Health Care Workers Struggling As COVID-19 Cases Rise In Iowa The coronavirus is hitting Iowa hard - again. NPR's Scott Simon talks with Suresh Gunesekaren CEO of University of Iowa Hospitals & Clinics about the state's steep rise in cases.


Health Care Workers Struggling As COVID-19 Cases Rise In Iowa

Health Care Workers Struggling As COVID-19 Cases Rise In Iowa


SCOTT SIMON, HOST:

There's a sobering increase of coronavirus cases across the United States. Once again, health care workers are struggling to care for all who are sick. Iowa's Governor Kim Reynolds announced a state of emergency this week, and that includes a mask mandate for large public events, as well as limits on various types of public gatherings. Still, Governor Reynolds on Tuesday said that the state is open for business as hospitals there brace for a deluge of patients.

Suresh Gunasekaran is CEO of the University of Iowa Hospitals and Clinics, which treats patients throughout the state. And in a recent op-ed in the Iowa City Press-Citizen, he pleaded for the public to comply with the mandate, saying Iowa hospitals are experiencing the worst chapter of the pandemic so far. He joins us from Iowa City. Thanks so much for being with us.

SURESH GUNASEKARAN: Good to be with you, Scott.

SIMON: Mr. Gunasekaran, what happened in Iowa?

GUNASEKARAN: Oh, I don't think it's any one thing. But if we wanted to call it one thing, I think it's pandemic fatigue. You know, there have been different times throughout this pandemic where you've seen an increase in COVID infections across Iowa. There was a peak in April and May. There was another peak in July and August. And each time, a peak led to Iowans taking this more seriously and us flattening the curve and then the curve subsiding. I think this peak that we're in right now is the highest peak. And I think it reflects a year-long fatigue with this. And I think that the public is tired of complying with these safety measures. And I think that that's what's really changed.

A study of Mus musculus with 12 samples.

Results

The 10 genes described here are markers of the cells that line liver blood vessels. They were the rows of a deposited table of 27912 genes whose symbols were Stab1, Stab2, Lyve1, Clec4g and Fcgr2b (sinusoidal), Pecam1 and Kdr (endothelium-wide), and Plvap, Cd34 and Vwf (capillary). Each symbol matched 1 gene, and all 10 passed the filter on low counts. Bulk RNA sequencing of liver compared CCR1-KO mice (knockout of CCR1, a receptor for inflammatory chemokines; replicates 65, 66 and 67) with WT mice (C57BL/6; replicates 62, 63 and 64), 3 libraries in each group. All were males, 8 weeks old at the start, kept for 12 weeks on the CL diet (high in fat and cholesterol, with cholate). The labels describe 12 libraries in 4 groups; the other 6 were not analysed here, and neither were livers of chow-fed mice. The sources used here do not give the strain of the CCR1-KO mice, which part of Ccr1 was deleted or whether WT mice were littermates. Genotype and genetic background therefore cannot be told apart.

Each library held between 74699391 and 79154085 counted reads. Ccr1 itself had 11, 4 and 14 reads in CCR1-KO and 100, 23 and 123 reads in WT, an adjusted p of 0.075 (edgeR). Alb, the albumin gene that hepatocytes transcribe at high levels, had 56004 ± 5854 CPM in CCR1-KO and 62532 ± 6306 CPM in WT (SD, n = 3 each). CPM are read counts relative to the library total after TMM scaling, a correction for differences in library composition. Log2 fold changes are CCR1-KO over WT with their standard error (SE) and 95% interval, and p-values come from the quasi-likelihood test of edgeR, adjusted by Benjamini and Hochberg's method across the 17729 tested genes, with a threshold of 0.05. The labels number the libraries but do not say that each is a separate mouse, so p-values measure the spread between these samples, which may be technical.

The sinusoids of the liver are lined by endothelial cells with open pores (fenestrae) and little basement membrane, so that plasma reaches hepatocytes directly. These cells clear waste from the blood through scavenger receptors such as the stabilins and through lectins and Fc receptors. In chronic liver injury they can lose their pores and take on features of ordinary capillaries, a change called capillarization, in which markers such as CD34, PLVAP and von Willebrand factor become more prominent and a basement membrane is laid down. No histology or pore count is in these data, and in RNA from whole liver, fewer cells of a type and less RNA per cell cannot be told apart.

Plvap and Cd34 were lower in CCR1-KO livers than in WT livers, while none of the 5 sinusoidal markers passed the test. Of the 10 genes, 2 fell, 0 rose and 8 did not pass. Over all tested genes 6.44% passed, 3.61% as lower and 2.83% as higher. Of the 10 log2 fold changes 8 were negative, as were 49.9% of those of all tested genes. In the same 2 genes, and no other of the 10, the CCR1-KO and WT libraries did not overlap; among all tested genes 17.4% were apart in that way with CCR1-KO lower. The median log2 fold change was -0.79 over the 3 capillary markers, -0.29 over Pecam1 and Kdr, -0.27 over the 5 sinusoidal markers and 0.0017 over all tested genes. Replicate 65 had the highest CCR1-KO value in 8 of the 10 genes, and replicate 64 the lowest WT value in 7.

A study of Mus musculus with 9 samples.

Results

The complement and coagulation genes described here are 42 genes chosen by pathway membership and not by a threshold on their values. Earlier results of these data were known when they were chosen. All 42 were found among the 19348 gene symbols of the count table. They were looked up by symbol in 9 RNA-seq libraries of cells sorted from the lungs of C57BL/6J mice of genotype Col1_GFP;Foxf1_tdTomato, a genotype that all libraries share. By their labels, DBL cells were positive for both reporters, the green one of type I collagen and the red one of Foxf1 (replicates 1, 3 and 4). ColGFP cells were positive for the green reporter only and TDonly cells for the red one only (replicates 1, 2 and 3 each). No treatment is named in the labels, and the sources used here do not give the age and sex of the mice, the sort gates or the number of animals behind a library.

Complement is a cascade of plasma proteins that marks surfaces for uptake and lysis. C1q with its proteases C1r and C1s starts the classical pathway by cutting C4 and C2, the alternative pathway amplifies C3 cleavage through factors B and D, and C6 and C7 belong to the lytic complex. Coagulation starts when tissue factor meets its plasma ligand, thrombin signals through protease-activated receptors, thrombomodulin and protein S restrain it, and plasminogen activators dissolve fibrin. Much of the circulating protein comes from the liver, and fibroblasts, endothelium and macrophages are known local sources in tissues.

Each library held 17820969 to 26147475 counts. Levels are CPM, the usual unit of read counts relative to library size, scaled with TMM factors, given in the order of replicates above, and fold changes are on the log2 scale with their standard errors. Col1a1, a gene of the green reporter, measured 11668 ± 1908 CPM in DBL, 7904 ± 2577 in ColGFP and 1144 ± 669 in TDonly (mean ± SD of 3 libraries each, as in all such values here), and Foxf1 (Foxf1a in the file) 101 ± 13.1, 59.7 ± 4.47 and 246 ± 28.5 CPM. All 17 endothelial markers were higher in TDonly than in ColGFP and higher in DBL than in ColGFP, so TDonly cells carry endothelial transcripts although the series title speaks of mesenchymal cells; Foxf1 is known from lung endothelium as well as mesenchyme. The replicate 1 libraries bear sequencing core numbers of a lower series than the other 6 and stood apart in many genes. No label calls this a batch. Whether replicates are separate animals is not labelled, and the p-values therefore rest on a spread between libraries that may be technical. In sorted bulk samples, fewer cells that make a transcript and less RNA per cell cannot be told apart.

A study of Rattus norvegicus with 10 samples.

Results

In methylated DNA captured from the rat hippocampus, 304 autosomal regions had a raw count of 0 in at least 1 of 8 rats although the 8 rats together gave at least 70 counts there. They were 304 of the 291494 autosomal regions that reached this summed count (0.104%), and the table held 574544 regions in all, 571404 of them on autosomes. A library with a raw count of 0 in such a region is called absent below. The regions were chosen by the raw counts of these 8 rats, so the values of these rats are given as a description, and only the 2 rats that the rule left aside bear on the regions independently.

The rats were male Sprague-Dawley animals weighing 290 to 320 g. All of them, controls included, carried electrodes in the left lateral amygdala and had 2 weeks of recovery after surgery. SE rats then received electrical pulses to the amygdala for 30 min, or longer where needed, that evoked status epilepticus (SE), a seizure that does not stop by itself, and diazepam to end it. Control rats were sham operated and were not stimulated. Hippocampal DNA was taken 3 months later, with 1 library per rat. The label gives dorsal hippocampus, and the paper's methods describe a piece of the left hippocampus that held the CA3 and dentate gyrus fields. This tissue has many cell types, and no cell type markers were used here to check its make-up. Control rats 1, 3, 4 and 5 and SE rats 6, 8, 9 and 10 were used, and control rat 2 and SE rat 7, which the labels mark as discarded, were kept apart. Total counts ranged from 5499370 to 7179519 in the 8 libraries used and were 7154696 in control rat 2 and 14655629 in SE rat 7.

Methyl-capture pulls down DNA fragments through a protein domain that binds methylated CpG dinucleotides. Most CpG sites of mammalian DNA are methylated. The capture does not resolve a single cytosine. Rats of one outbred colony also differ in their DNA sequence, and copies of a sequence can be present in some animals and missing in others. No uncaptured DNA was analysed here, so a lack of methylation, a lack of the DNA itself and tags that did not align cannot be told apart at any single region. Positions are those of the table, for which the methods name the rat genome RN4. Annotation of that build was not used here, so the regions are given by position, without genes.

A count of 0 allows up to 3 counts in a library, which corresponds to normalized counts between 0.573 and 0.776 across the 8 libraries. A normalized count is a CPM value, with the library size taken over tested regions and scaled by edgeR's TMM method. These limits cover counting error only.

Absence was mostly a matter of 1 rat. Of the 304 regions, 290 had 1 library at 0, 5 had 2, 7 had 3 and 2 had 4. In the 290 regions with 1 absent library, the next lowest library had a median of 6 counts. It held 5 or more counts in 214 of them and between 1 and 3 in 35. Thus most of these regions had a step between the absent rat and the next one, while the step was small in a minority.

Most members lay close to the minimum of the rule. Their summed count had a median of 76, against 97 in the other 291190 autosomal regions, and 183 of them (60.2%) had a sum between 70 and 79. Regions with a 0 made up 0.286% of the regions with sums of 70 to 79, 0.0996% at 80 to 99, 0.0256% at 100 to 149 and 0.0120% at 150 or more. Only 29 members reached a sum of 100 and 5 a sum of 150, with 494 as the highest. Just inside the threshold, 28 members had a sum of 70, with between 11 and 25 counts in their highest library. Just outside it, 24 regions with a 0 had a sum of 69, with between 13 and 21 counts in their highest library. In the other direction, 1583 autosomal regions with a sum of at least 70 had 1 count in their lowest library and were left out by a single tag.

SIMON: Tell us about your hospitals right now. What's going on? What can you see?

GUNASEKARAN: Overall, at the University of Iowa Hospitals and Clinics, we're seeing an increase in the total number of COVID patients that we have in house. And we're continuing to see an increase in the number of serious transfers that we have to take from other Iowa hospitals. Overall, we're doing pretty well right now, but I am really concerned about the future.

SIMON: And what would you say to the public at this point, as you addressed it in your op-ed?

GUNASEKARAN: I think that there is for the first time a light at the end of the tunnel. The vaccines - we've been on the front lines of offering those clinical trials. And we know firsthand that the data looks really promising. We know that a vaccine is, in fact, right around the corner. And so since we know that there's a light at the end of the tunnel, it is so much more important right now for the public to follow the safety measures. We know that it's a really important time of the year for friends and family to get together. But this year, we want the public to make a different decision - by not gathering, by connecting remotely and only enjoying the holidays with the people that you live with.

SIMON: Mr. Gunasekaran, what would you say to those Iowans and people listening to us? And perhaps you've already had to answer this question - people who say, look; Thanksgiving is important. It's the one time of the year I see my brother, my sister, my son or daughter who comes home.

GUNASEKARAN: It's a really tough question, Scott - that the pandemic has taken so much away from us. But by the same token, what I would say to those families is, I think that one way to show your friend or your loved one how much you love them is to make this sacrifice this year and to make sure that they stay safe because unfortunately, here at UIHC, we have done a significant amount of contact tracing around our own patients and our own employees. And I want to tell you something, Scott. The data shows that this disease is mostly being spread from person to person not by strangers, but by friends and family that you know, that you love, that you want to see, that are asymptomatic at the time that you spend time with them but ultimately succumb to the disease later. And so this is why it's so important.

SIMON: Suresh Gunasekaran is CEO of University of Iowa Hospitals and Clinics. Thanks so much for being with us, sir.

GUNASEKARAN: Good to be with you, Scott.